How the Chilean Miners Survived the First 17 Days


Chilean President Sebastián Piñera, right, watches videotape of one of the 33 miners trapped in a deep underground copper-and-gold mine in Copiapó, Chile

They ate just two teaspoons of tuna and one biscuit every two days, washing down their "meals" with a small sip of milk. For the miners buried alive in the depths of a gold-and-copper mine in Chile, the meager rations probably didn't silence their rumbling stomachs, but they did help keep them alive for an incredible 17 days until the outside world learned the good news: against most odds, all 33 miners were still alive.

"Estamos bien en el refugio los 33," they wrote in a note attached to the end of a probe. "All of us are well inside the shelter." Those first words came after several unsuccessful attempts to drill down and reach the miners, feared dead since the Aug. 5 collapse of the facility, located about 530 miles (850 km) north of Santiago, Chile's capital. In those first moments after they were discovered, the men peered eagerly into a camera lowered to reach them more than 2,000 ft. (600 m) below the surface, their eyes blazing with euphoria. Among their first requests: toothbrushes. Now that rescuers have successfully drilled a second bore hole into the cavern, the 6-in. (15 cm) portal will serve as an umbilical cord delivering food, water, medicine, oxygen and even entertainment to the men as they wait an estimated three to four months for rescuers to drill a hole large enough to carry them to the surface.

The miners have spent the past few weeks inside a shelter measuring about 500 sq. ft. (45 sq m), no larger than a small studio apartment. Davitt McAteer, who led the federal Mine Safety and Health Administration under President Clinton and is currently leading an investigation into the Big Branch mine disaster that killed 29 coal miners in West Virginia earlier this year, compares the space to a jail cell or a submarine. "It isn't luxury by any stretch of the imagination," he says. "Imagine yourself in your office and say, I want to stay here for 18 days. It's a feat of untold heroism that they were able to pull it off."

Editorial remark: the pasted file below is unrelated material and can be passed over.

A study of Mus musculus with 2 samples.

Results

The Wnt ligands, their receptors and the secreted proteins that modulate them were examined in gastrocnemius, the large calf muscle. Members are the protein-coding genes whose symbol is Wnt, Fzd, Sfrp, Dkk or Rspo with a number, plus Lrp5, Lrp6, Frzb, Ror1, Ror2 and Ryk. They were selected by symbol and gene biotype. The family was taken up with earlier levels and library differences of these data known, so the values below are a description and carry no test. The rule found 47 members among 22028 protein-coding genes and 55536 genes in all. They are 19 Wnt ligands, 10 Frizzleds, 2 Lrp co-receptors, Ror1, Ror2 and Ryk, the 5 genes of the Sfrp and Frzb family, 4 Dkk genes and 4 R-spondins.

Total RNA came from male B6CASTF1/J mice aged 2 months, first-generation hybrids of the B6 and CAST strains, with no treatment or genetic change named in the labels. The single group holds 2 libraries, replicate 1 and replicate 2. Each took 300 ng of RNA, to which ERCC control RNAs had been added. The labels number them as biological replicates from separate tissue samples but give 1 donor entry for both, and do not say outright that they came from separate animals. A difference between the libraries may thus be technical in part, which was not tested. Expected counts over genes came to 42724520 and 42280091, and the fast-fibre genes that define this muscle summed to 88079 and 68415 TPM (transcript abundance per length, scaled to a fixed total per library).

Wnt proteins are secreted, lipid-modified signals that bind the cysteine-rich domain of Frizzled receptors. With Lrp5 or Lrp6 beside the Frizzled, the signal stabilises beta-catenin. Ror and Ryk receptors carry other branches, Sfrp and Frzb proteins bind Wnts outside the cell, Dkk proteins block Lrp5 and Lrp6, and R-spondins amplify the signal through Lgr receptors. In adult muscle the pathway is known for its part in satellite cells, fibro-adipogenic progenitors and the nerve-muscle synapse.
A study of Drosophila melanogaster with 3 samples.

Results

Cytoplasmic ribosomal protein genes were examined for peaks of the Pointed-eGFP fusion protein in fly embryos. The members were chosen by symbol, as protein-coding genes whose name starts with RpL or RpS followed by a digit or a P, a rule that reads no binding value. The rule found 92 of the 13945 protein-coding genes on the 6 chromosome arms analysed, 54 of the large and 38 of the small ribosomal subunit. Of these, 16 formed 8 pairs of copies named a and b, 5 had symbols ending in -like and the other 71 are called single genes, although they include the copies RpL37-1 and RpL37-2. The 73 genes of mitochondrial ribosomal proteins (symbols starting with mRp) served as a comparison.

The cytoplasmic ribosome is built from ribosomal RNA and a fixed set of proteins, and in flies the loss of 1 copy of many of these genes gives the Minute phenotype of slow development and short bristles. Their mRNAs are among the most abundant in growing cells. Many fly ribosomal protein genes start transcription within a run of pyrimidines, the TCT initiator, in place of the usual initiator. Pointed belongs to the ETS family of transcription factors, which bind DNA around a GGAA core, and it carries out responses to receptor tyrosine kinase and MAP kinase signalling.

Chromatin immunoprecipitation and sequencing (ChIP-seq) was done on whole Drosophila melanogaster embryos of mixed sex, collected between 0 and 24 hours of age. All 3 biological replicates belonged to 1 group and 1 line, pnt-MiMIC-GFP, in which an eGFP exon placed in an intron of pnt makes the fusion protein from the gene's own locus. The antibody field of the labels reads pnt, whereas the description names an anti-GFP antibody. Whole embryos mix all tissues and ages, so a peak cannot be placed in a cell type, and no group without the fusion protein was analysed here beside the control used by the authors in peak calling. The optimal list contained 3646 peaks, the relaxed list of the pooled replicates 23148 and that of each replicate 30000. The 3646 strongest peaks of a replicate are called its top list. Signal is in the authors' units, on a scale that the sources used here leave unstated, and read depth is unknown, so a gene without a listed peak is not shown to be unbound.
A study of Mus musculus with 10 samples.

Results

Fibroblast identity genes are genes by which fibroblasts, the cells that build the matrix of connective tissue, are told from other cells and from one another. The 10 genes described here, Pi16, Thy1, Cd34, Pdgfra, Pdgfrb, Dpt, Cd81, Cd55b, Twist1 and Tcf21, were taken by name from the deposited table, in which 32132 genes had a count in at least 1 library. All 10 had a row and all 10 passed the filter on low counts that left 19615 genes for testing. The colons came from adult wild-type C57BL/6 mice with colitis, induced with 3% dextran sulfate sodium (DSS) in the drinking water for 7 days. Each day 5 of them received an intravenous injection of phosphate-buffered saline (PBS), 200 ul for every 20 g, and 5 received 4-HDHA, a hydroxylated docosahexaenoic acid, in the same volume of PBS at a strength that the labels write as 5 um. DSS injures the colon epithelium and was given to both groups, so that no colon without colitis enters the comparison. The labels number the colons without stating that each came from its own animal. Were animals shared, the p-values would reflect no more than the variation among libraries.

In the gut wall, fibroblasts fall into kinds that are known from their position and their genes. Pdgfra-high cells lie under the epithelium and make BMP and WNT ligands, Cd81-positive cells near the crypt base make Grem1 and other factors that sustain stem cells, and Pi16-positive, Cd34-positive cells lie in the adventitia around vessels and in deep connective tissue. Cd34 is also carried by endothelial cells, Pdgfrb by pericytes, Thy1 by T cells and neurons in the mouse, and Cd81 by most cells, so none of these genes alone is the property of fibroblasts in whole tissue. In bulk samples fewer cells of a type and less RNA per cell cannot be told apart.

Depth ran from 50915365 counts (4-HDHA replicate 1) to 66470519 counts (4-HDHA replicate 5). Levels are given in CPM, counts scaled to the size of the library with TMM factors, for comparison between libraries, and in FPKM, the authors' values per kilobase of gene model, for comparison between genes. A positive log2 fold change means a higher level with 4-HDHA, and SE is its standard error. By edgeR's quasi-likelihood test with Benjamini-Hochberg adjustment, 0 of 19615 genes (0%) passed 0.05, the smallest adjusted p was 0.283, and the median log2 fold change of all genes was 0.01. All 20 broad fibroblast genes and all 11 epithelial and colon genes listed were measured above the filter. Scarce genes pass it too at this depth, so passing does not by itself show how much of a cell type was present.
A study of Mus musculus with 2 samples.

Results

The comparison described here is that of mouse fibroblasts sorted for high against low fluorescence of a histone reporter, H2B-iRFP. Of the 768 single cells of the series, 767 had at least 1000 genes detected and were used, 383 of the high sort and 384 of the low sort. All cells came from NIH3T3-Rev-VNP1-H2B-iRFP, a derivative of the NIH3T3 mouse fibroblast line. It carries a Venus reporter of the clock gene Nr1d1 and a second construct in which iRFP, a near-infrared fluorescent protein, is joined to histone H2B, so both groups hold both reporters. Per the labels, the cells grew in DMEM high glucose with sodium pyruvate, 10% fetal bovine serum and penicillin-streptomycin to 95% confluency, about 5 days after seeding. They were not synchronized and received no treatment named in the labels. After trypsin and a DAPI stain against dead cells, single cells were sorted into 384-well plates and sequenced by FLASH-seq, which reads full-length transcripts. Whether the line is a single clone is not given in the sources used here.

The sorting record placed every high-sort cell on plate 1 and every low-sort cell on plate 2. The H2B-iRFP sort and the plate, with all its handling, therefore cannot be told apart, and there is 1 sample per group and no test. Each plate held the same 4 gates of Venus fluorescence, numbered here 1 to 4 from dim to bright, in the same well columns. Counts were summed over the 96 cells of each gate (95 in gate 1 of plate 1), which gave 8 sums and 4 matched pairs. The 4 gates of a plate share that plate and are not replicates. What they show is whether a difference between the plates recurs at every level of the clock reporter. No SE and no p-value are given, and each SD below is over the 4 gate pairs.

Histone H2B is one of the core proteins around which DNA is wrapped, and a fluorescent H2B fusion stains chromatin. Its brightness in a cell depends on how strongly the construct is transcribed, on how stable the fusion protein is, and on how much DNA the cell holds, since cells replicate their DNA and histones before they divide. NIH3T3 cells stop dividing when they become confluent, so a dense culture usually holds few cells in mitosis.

So how did the miners survive amid sticky 90°F (32°C) temperatures and blackness (save for the lights on their helmets, which they kept charged by using the battery from a work truck)? To begin with, the shelter — though not lavish — provides a larger air space than the smaller shelters often seen in coal mines in the U.S. Many of those shelters stand just 5 ft. (1.5 m) in height and 20 to 30 ft. (6 to 9 m) wide, says John Urosek, chief of mine-emergency operations for the Mine Safety and Health Administration. The trapped miners were also at an advantage because metal mines inherently provide a safer atmosphere than coal ones, generally free of methane, a harmful gas found in coal mines. "The oxygen in a metal mine is only going to be depleted by the people breathing themselves," Urosek says.

Though the size of the shelter may have given the men a leg up, stretching emergency supplies that were intended to last just 48 to 96 hours is a feat credited entirely to the resourcefulness of the miners. In addition to rationing their food supply, they fashioned a makeshift water canal by digging for groundwater and siphoning off additional water from the radiators of the machinery.

Another issue is an unpleasant one. Given the size of the structure, the men are most likely able to keep a distance from the area they chose to use as a makeshift restroom. Still, with the number of men trapped, the risk of a disease like dysentery is significant. Luckily, now that the miners have outside contact, medicine and sanitation materials can be sent into the mine to mitigate some of the concern. So far, only one man has reported having stomach problems.

But while food, water and air are the immediate concerns, the weeks spent buried and unsure of rescue undoubtedly cause mental stress. Yet the miners appear to be in good spirits. On Aug. 23 they sang the Chilean national anthem as rescuers sent down oxygen capsules, glucose and rehydration tablets meant to restore their digestive systems. And though the miners have not yet been told it could take as long as four months to bring them to the surface, Chilean President Sebastián Piñera asserts, "They'll come out thin and dirty but whole and strong." But there's no denying that a near-death experience can take a toll, according to Joe Sbaffoni, director of the Pennsylvania Bureau of Mine Safety, who helped secure the 2002 rescue of nine miners who were buried for 78 hours in the Quecreek mine. "There's no question they probably all felt they were going to die," he said. Of the nine Quecreek miners, three returned to work at the mine. Two work above ground. Only one man, Randall Fogle, went back to work underground. He is now the mine foreman. "That situation — it changes you," Sbaffoni says.

Now that the miners have been found alive, rescuers have the precarious task of digging them out through solid rock in shaky ground that has already proved vulnerable to collapse. Though the impulse would be to drill down speedily through the rock to reach the men as quickly as possible, doing so could result in the roof collapsing further on the trapped miners. "It's going to have to be done with patience and with prudence," McAteer says. If the rescue goes as hoped and the men are able to reach the surface, they could be home just in time for Christmas. But as McAteer cautions, "We're not home yet." He adds, "And it won't happen without a call to the spiritual leader of us all."